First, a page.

Adult Development and Aging

Deborah T. Gold
LS 780-30
Summer 2018
Mondays, 6:00 - 9:00 pm
Perkins LINK 070 (Seminar 4)
Begins *May 16 - Ends July 23 (*Monday classes start on Wed., May 15)

The purpose of this course is to describe and analyze the adult life course from the transition to adulthood and continuing through old age and death.  The course is divided into three sections. 

Section One includes an examination of the age structures of developed and developing nations, focusing on the meaning of an aging population for the future of the U.S.  Section Two reviews social, psychological, and social psychological aspects of the human life course from the transition to adulthood through middle age.  In particular, it identifies the developmental challenges of young adulthood (finding one’s identity, establishing an intimate relationship), and middle age (developing generativity) as well as the social adaptation of each (finding a job and getting married in young adulthood; caring for parents and reaching occupational summits in middle age).  Section Three concentrates on late life, again viewing changes from social (retirement, widowhood) and psychological (ego integrity, wisdom, life review) perspectives.

About Deborah T. Gold
Psychiatry & Behavioral Sciences; Sociology, Psychology & Neuroscience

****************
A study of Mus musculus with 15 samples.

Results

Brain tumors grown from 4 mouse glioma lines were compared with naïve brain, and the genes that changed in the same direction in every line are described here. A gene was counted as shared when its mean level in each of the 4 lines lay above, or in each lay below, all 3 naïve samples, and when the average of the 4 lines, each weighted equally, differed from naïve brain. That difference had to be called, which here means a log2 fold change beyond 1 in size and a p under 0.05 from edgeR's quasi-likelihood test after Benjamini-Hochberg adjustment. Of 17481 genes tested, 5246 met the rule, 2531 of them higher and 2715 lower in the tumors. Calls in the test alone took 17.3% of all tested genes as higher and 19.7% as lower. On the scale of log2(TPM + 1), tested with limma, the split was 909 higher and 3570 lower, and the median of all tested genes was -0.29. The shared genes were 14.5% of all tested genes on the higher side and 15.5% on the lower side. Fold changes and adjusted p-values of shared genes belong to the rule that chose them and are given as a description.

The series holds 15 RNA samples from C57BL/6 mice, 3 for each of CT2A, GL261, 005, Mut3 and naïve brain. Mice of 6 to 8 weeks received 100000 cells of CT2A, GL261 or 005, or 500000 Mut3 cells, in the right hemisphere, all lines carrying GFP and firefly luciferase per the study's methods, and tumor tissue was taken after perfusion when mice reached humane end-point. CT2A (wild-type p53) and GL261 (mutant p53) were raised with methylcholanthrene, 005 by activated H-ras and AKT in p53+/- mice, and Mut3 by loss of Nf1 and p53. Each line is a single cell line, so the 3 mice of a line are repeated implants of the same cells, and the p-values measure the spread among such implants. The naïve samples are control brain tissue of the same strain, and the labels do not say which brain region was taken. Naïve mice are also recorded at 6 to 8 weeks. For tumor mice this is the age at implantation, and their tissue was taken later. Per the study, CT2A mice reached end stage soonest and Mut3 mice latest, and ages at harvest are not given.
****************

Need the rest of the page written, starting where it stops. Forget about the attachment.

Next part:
Deborah T. Gold is Professor of Medical Sociology in the Departments of Psychiatry & Behavioral Sciences, Sociology, and Psychology & Neuroscience at Duke University Medical Center, where she is also a Senior Fellow of the Duke Center for the Study of Aging and Human Development. Professor Gold received her B.A. in English and Latin from the University of Illinois, her M.Ed. in Reading from National Louis University, and her Ph.D. in Human Development and Social Policy from Northwestern University. Her primary research interests are in the psychological and social consequences of chronic disease in the elderly.  She has done seminal research on osteoporosis and its impact on quality of life.  She has also studied the psychosocial impact of breast cancer, Parkinson’s disease, syncope, head and neck cancer, Paget’s disease of bone, and dementia in older adults. Her current research examines compliance and persistence with medications for older adults with chronic illnesses.